CIKM 2017 Tutorial: Construction and Querying of Large-scale Knowledge Bases
In today's computerized and information-based society, people are inundated with vast amounts of text data, ranging from news articles, social media post, scientific publications, to a wide range of textual information from various domains (corporate reports, advertisements, legal acts, medical reports). How to turn such massive unstructured text data into structured, actionable knowledge, and how to enable effective and user-friendly access to such knowledge is a grand challenge to the research community.
In the first half of the tutorial, we introduce data-driven methods on mining structured facts (i.e., entities and their relations for types of interest) from massive text corpora to construct knowledge bases, with a focus on methods that are minimally-supervised, domain-independent, and language-independent for timely knowledge base construction across various application domains (news, social media, biomedical, business). In the second half of the tutorial, we discuss the challenges of querying large-scale knowledge bases, and give a systematic discussion on several emerging schema-agnostic querying paradigms for knowledge bases, including keyword query, graph query, natural language query (i.e., question answering), and query by example, which allows users to easily query knowledge bases without writing complex structured queries like SPARQL.
University of Southern California1, University of California, Santa Barbara2
- Overview of Knowledge Base Construction and Querying
- Knowledge Base Construction
- Phrase Mining from Massive Text Corpora
- Automated Entity Recognition and Typing
- Automated Extraction of Structured Entity Relationships
- Keyword Query: Query like Search Engine
- Graph Query: Add a Little Structure
- Natural Language Query: As Natural as You Want
- Query by Example: Just Show Me Examples
Cross-domain Semantic Parsing via Paraphrasing
Yu Su, Xifeng Yan.
Conference on Empirical Methods in Natural Language Processing (EMNLP), 2017.
On Generating Characteristic-rich Question Sets for QA Evaluation
Yu Su, Huan Sun, Brian Sadler, Mudhakar Srivatsa, Izzeddin Gur, Zenghui Yan, Xifeng Yan.
Conference on Empirical Methods in Natural Language Processing (EMNLP), 2016.
Exploiting Relevance Feedback in Knowledge Graph Search
Yu Su, Shengqi Yang, Huan Sun, Mudhakar Srivatsa, Sue Kase, Michelle Vanni, Xifeng Yan.
ACM SIGKDD International Conference on Knowledge Discovery and Data Mining (KDD), 2015.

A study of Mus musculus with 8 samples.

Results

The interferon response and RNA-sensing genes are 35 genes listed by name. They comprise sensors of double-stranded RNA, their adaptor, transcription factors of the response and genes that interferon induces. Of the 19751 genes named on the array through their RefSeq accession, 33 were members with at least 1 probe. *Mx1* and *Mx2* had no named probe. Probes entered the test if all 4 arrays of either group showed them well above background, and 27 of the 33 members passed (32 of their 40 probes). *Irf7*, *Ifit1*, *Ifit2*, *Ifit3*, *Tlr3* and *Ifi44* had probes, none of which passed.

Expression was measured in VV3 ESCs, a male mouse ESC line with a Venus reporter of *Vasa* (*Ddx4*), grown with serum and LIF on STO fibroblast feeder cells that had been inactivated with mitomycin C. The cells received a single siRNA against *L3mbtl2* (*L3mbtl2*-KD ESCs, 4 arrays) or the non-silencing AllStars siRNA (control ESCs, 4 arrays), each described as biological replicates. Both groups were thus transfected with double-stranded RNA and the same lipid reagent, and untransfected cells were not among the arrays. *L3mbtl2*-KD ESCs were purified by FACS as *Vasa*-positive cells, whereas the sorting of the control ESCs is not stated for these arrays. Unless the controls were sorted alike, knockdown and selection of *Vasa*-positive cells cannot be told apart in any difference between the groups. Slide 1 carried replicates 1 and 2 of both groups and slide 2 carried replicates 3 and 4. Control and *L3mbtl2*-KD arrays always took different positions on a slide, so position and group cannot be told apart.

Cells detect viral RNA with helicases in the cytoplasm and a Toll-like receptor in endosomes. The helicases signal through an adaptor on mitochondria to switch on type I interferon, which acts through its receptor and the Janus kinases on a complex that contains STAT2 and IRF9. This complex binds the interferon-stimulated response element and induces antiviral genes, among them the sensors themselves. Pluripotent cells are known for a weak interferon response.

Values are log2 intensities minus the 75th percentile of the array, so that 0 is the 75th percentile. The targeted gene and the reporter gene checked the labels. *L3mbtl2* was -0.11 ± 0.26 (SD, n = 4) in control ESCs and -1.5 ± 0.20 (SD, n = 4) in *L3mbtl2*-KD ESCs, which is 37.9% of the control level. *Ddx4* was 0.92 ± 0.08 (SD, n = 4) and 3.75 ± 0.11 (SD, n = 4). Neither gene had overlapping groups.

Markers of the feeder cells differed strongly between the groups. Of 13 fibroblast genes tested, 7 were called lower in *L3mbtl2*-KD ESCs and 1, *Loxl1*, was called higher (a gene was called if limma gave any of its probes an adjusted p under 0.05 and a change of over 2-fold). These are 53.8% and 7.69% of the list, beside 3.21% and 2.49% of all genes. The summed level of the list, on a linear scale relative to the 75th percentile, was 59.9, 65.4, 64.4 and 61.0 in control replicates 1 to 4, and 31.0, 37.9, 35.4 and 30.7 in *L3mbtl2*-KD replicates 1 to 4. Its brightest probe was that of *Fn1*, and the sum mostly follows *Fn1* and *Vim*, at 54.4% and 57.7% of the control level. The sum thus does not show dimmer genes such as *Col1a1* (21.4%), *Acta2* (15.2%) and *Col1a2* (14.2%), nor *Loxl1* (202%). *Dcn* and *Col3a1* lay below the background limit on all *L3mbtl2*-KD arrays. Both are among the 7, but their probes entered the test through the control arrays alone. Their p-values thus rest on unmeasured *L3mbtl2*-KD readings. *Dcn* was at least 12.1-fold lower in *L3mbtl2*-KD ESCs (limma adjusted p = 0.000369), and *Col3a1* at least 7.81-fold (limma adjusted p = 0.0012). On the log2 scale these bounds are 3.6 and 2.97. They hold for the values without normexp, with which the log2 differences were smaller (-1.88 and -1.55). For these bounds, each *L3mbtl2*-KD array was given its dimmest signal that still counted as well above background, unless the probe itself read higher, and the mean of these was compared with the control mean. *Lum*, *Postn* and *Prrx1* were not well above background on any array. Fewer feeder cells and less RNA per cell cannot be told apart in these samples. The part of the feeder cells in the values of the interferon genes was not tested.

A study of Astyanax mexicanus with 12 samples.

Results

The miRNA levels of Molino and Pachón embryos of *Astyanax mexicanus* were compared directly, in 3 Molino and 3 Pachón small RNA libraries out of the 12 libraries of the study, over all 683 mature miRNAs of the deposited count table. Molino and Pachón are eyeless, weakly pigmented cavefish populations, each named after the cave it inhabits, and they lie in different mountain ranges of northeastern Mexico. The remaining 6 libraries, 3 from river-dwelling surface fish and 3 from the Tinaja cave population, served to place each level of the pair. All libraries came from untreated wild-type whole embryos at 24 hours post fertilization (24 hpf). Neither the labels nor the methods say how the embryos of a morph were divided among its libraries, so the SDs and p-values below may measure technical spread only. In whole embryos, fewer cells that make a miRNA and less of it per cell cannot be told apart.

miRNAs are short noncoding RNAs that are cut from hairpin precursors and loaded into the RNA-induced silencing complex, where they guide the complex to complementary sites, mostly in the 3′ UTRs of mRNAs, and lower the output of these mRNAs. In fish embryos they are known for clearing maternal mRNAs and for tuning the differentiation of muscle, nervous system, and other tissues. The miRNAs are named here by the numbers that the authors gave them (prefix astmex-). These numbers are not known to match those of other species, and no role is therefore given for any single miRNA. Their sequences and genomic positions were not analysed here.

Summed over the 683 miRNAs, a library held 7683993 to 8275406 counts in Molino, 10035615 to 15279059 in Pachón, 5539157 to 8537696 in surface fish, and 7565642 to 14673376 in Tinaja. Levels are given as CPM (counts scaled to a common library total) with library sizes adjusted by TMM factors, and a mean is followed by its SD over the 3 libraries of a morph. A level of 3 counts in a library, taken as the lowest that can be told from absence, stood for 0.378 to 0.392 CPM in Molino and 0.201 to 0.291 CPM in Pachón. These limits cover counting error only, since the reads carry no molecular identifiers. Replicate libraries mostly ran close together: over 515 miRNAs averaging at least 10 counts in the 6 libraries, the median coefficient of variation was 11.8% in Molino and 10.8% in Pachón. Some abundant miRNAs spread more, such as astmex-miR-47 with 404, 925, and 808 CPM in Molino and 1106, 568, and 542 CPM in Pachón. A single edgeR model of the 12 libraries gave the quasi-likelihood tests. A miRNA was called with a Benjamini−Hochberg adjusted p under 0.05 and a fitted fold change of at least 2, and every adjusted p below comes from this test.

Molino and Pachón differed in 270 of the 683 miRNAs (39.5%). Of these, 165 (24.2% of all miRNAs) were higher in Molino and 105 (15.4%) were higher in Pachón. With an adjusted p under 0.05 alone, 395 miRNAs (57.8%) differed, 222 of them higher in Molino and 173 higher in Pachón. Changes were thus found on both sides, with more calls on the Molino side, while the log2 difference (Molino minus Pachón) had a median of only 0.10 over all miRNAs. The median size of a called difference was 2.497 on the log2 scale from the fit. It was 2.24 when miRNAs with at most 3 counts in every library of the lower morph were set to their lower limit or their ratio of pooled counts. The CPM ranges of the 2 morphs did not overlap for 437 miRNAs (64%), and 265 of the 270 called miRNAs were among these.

Querying Knowledge Graphs by Example Entity Tuples
Nandish Jayaram, Arijit Khan, Chengkai Li, Xifeng Yan, Ramez Elmasri.
IEEE Transactions on Knowledge and Data Engineering (TKDE), 2015.
Schemaless and Structureless Graph Querying
Shengqi Yang, Yinghui Wu, Huan Sun, Xifeng Yan.
International Conference on Very Large Databases (VLDB), 2014.
Xiang Ren, Assistant Professor, Department of Computer Science, University of Southern California. His research focuses on creating computational tools for better understanding and exploring massive text data. He has published over 25 papers in major conferences. He received Google PhD Fellowship, KDD Rising Star by Microsoft, Yahoo! DAIS Research Excellence Award, C. W. Gear Outstanding Graduate Student Award by UIUC and Yelp Dataset Challenge Award. Mr. Ren has rich experiences in delivering tutorials in major conferences, including SIGKDD 2015, SIGMOD 2016 and WWW 2017.
Yu Su, Ph.D. candidate, Department of Computer Science, University of California, Santa Barbara. His research interests lie in data mining and natural language processing, with a focus on understanding the interplay of natural and formal languages to increase the accessibility of structured data (e.g., knowledge bases, web tables, and relational databases) and services (e.g., web APIs). He has published over 10 papers on question answering, graph mining and querying, and crowdsourcing at major conferences including SIGKDD, WWW, EMNLP, and CIKM. He has interned in IBM T.J. Watson Research Center, Microsoft Research Redmond, and U.S. Army Research Laboratory.
Xifeng Yan, Venkatesh Narayanamurti Chair Professor, Department of Computer Science, University of California, Santa Barbara. His research focuses on modeling, managing, and mining graphs in information networks, computer systems, social media and bioinformatics. His works were extensively referenced, with over 15,000 citations per Google Scholar and thousands of software downloads. He received NSF CAREER Award, IBM Invention Achievement Award, ACM-SIGMOD Dissertation Runner-Up Award, and IEEE ICDM 10-year Highest Impact Paper Award.